In my spare time: Floating in a sea of storytelling


Ernest Hare, US star of Vaudeville, phonograph records, and radio, listens to the radio with headphones. Circa 1921-1925. Bain News Service photograph via Library of Congress website.

Ernest Hare, US star of Vaudeville, phonograph records, and radio, listens to the radio with headphones. Circa 1921-1925. Bain News Service photograph via Library of Congress website.

I recently discussed with someone how I spend my free time. For a moment I could not remember what I do with it.

I’m a piddler, a person who often pisses away his time.

I get lost in things like definition searches to make sure piddler, or one who piddles, is a real word. Then I’ll click a link and learn that the term “hipster” has been in use since the 1930s.

Sigh.

I behave the same way with Facebook and Twitter.

I go through stops-and-starts reading books or watching television series friends recommend.

I run, but don’t consider that free time. It’s a built-in part of my life — therapy really.

Then I remembered the activity I make time for but forget to include because of how ever-present it is — listening to podcasts.

Nerdy, sad, whatever. I know.


In the meantime, I have other wonderful podcasts, old and new, to listen to.


Two episodes in, Invisibilia explored the thinking on thoughts with two lives as case studies and how fear shapes our lives by showing what its absence looks like in a person.

Liking Invisibilia was actually a gimme. Spiegel and Miller both had their hands in creating two of my longtime favorite podcasts, This American Life and Radiolab.


If I want to blush, I flirt with The HeartOriginally called “Radio Smut,” The Heart recently joined the Radiotopia network of podcasts launched a couple of years ago by public radio producer and 99% Invisible host Roman Mars. The show is “an audio art project and podcast about intimacy + humanity.” It regularly features ads for sex toys sponsors, hence the blushing, and is unapologetic, honest and beautiful in exploring human sexuality.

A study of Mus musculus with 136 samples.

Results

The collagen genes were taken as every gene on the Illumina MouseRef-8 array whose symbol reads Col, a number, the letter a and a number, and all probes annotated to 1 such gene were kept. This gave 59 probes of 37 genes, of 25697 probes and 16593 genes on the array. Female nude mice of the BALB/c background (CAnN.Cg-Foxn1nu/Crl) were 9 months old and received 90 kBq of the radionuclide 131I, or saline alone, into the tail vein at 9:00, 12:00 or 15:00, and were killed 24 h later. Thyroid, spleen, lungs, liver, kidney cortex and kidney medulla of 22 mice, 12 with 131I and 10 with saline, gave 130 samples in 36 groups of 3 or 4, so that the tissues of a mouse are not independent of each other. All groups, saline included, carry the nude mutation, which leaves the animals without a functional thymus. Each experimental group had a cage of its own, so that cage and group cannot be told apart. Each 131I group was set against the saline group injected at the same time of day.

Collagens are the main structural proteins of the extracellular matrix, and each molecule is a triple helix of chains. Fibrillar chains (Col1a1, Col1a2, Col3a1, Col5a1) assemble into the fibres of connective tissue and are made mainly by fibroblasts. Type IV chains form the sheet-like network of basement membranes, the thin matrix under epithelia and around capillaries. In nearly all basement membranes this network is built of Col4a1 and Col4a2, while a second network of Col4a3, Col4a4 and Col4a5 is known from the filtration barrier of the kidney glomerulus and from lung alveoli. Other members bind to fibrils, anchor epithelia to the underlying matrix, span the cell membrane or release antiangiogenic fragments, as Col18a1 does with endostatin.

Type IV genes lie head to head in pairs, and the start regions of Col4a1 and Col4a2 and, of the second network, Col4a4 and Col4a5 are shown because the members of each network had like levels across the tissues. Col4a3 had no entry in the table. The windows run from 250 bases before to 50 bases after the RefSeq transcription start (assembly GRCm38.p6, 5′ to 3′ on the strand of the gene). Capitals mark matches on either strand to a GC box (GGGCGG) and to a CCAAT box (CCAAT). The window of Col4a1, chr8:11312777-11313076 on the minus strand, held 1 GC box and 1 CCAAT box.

Other Radiotopia podcasts I enjoy include 99% Invisible (a show about design, architecture and things that shape our man-made world),  Love+Radio, Strangers, Radio Diaries and Fugitive Waves

mothI’d also be remiss not to mention The Moth, a podcast of people telling true stories before a live audience, and Marc Maron’s WTF, a great hour-long interview session between Maron and a guest.

I’m such an audio pig, but honestly, each podcast mentioned is wonderful in its own way.

In a world of flailing journalism business models and mediocre reporting, I am passionate about proselytizing future podcast listeners. To spend one’s free time being educated, entertained and reveling in good storytelling is something akin to a spiritual experience for me.

The list above is also a personal reminder of what I — me, the self-doubting, self-critical, guy who sees himself as a piss-poor writer with a touch of the ADHD — would love to do, to spin a yarn in half as interesting a fashion as what these podcasts do.

That requires a good idea, a bit of skill and time — a lot of time.

Perhaps this post will kick me in the ass and inspire me to chip away at some stories that intrigue me. I’ve gotten pretty far into the story behind this picture, but stopped as the grind of work beat me down over the holidays:

Elizabeth "Little Bit" Shields, Rev. Claude Ely and Richard Quehl Deputy Sheriff (Baptism) December 9, 1971.

The photo was taken in the 1970s. In it are a suspected murderer and someone who inspired some of the greats of early rock-n-roll.

Or I may stay a podcast listener, piddling my time away by filling my heart and my head with all the minutia and the invisibilia that this current audio renaissance has to offer.